Medical Mysteries

Why Did Eating Make Her Faint?

Special to The Washington Post
Tuesday, August 4, 2009

Although he had never seen a case like it in his career, cardiologist David Lomnitz felt certain he knew why his new patient kept blacking out when she ate.

At the time of her first appointment in September 2004, Martha Bryce, then a 36-year-old health-care consultant, was feeling desperate. Four years earlier she had been given a diagnosis of epilepsy, and had taken medication to prevent seizures. But doctors had been unable to explain the frequent swooning episodes that occurred when she started to eat, forcing her to put her head down on the table in an intermittently successful attempt to avoid passing out.

Doctors seemed unconcerned and told her the episodes might be a symptom of her seizure disorder. Bryce, a registered nurse, wasn't so sure.

But after a frightening incident drove home the potential danger of the baffling condition, she made an appointment with Lomnitz, now assistant chief of cardiology at Norwalk Hospital in Norwalk, Conn. "Her story rang a bell for me," he said.

His hunch about her condition, triggered by cases he heard about during his training years earlier, would upend her diagnosis and radically alter her treatment.

The first sign something was wrong was dramatic.

While on a business trip to Las Vegas in January 2000, Bryce, who lives in Ridgefield, Conn., decided to visit the Hoover Dam before catching a red-eye flight home.

Standing at an overlook preparing to photograph the concrete behemoth, Bryce recalled, "all of a sudden I felt a way I'd never felt before." She fainted and, after regaining consciousness, learned she had suffered a grand mal seizure during which she had bitten her tongue.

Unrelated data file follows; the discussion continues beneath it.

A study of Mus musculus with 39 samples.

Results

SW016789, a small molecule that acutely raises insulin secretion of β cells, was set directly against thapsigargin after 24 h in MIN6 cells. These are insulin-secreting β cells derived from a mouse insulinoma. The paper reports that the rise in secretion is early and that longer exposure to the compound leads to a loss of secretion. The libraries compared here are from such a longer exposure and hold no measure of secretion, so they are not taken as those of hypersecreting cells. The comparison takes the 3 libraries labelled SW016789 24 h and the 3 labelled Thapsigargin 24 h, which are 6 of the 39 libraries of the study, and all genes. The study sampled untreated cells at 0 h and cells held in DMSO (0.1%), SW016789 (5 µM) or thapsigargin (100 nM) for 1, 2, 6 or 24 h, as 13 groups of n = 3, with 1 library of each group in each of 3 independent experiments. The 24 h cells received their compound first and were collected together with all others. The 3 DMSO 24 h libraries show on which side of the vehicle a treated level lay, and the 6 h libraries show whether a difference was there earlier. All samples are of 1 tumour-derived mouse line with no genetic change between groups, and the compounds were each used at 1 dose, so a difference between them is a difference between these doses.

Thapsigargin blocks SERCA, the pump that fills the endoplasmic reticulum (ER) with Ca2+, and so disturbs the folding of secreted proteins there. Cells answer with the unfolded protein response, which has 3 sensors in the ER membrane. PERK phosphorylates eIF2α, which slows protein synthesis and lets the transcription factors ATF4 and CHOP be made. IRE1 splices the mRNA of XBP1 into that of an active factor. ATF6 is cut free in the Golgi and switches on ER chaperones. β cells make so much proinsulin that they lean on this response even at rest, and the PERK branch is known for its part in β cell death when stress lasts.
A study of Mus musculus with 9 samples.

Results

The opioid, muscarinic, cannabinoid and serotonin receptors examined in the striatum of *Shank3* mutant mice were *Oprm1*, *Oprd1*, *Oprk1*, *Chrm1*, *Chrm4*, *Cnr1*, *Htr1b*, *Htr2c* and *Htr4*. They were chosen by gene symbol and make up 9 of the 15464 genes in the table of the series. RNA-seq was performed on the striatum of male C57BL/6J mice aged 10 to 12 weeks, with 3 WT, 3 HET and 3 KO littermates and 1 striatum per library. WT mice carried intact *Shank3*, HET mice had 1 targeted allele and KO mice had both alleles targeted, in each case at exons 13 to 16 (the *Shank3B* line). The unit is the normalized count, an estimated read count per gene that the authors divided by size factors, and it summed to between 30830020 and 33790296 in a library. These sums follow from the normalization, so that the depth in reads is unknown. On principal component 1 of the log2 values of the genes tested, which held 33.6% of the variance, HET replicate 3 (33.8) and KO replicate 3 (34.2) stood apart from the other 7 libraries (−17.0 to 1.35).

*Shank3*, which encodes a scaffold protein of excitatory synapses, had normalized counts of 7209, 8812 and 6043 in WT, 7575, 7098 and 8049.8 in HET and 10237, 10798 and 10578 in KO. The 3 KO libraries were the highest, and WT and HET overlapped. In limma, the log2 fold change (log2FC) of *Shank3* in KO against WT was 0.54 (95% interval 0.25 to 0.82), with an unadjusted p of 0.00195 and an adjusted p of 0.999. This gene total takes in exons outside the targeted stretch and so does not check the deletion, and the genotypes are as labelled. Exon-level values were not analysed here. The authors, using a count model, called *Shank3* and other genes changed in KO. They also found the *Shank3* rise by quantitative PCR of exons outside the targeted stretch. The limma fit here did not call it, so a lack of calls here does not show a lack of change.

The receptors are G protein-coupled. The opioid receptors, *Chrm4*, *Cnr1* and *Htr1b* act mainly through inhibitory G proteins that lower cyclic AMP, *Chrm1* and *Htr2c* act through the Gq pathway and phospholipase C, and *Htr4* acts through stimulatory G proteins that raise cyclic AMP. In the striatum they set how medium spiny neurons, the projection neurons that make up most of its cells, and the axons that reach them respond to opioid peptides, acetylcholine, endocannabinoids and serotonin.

"I actually closed the dam down because they needed to get emergency services in," Bryce said. She spent the next four days undergoing a complete work-up at a Las Vegas hospital. Doctors ruled out a brain tumor, drug reaction and other problems. An avid exerciser in excellent health, Bryce couldn't imagine what might be wrong.

Back home, a neurologist conducted additional tests but found nothing, either. He told her she might be among the 11 percent of people who suffer a single seizure for reasons that are never determined. To be safe, he prescribed anti-seizure medication and told her not to drive for six months.

Within a week, a disturbing new problem surfaced. While eating, Bryce would feel faint and sometimes briefly pass out. The episodes never occurred when she drank, only when she consumed solid food. At first intermittent, they soon became a daily occurrence, especially at breakfast.

Her neurologist told her the episodes were unrelated to the seizure and advised her not to skip breakfast. After four seizure-free months, he weaned her off the medication and told her there was no reason to come back unless she had another seizure.